Greek MP alleges he was offered bribe for vote

€3m offered for support of government presidential candidate, says opposition MP

Former EU commissioner Stavros Dimas, the Greek government’s candidate in the country’s presidential election. Photograph: Orestis Panagiotou/EPA

Former EU commissioner Stavros Dimas, the Greek government’s candidate in the country’s presidential election. Photograph: Orestis Panagiotou/EPA

 

The party of the Greek prime minister has said it is the target of a “staged provocation” following fresh allegations from an opposition MP who claims he was offered up to €3 million to back the government’s candidate in the country’s presidential race.

The new bribery claims were made on Friday by Pavlos Haikalis, a deputy with the nationalist anti-bailout Independent Greeks party.

Mr Haikalis told a breakfast television news programme that he was offered €700,000 in cash and a settlement of his bank loan as well as contracts with advertising firms if he broke his party’s whip and voted with the government in the presidential election.

On Wednesday, the first of three possible attempts to elect a new Greek president failed when the coalition government only garnered the support of 160 of the 180 MPs it will need by the third and final round of voting, on December 29th.

Snap election

Stavros Dimas

Mr Haikalis, a former soap opera actor, is not the first MP to allege a cash-for-votes offer. An investigation is under way into claims from a fellow MP in the Independent Greeks party that she was offered up to €3 million via Facebook messages. But he is the first to claim to have recordings as evidence.

CDs purporting to contain secret audiovisual footage were subsequently held up, but not played, at an Independent Greeks press conference. There Mr Haikalis and his party leader, Panos Kammenos, elaborated on the allegations, saying a middleman offered the bribery package over two meetings with the MP earlier this month.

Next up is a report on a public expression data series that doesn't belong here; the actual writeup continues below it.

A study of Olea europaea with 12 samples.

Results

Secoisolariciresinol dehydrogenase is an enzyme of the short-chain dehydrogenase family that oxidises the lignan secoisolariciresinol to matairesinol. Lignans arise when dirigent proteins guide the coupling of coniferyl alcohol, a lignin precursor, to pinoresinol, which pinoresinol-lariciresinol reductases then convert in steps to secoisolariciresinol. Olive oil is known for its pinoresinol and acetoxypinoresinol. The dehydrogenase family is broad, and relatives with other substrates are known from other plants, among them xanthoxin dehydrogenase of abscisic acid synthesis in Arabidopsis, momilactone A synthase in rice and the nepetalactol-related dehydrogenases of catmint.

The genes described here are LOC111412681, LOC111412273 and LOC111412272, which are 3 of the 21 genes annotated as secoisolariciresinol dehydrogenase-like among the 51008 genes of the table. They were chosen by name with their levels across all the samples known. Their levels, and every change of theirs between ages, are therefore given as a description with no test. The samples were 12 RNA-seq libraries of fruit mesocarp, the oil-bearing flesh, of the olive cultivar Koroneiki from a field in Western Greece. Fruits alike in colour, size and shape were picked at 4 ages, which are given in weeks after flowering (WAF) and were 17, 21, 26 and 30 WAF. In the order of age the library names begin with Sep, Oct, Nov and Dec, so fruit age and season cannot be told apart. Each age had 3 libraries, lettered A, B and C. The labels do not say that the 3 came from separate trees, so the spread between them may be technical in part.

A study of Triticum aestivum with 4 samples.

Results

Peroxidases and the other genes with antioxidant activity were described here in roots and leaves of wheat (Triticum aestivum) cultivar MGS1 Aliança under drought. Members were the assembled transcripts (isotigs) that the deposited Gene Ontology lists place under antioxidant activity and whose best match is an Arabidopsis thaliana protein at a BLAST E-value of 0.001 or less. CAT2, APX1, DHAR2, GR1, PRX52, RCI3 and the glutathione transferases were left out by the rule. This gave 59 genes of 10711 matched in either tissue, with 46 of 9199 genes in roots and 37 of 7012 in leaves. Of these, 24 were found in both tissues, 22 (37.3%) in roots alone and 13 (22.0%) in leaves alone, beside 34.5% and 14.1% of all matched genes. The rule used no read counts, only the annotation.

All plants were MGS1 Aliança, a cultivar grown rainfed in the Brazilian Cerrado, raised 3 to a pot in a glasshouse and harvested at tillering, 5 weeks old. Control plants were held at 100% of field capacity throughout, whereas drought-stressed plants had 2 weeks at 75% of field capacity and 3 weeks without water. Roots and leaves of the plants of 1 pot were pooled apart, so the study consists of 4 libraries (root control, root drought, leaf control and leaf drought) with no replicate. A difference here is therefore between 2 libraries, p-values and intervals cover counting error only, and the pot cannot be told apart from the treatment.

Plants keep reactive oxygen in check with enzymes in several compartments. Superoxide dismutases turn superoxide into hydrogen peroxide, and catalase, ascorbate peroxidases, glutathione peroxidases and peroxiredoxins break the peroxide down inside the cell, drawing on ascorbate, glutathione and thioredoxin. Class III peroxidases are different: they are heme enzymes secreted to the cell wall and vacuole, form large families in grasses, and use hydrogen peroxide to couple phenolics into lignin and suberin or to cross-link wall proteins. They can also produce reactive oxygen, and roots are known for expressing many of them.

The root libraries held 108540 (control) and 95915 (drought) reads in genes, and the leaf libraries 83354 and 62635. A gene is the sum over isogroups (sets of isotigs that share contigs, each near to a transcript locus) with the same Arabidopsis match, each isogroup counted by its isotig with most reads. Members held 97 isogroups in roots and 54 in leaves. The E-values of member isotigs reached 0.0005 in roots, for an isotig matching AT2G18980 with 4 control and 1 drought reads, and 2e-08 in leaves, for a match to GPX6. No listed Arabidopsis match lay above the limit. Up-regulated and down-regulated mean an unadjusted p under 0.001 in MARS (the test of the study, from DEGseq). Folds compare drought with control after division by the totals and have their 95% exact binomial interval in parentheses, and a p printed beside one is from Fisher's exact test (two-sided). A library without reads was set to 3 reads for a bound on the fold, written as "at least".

They said the alleged intermediary, later named by the Greek media as financial consultant George Apostolopoulos, failed to show up at a third meeting, where a police sting operation had been put in place after Mr Haikalis approached prosecutors.

Mr Kammenos later sent copies of the CDs to the justice minister and parliamentary speaker, saying that if they didn’t make the recordings public before the second attempt to elect a new president, then he would publish them.

The latest bribery allegations were dismissed by prime minister Antonis Samaras’s New Democracy party, which said that Mr Apostolopoulos had served as a past adviser to Mr Kammenos. Photographs later appeared in the media showing Mr Apostolopoulos sitting beside Mr Kammenos at a meeting in 2013 with Syriza leader Alexis Tsipras.

“A group of conspirators is trying to blackmail MPs into not voting for president and cause a political anomaly by cheapening institutions,” said a New Democracy spokeswoman. “Democracy cannot be blackmailed. The Syriza–Independent Greeks alliance should understand that.”

In a statement, Mr Apostolopoulos, the alleged briber, said he was being implicated “in political vendettas, motivated by fraudulent party interests. This is a theatrical police scenario starring an experienced comic actor and director and a frantic showman political leader.”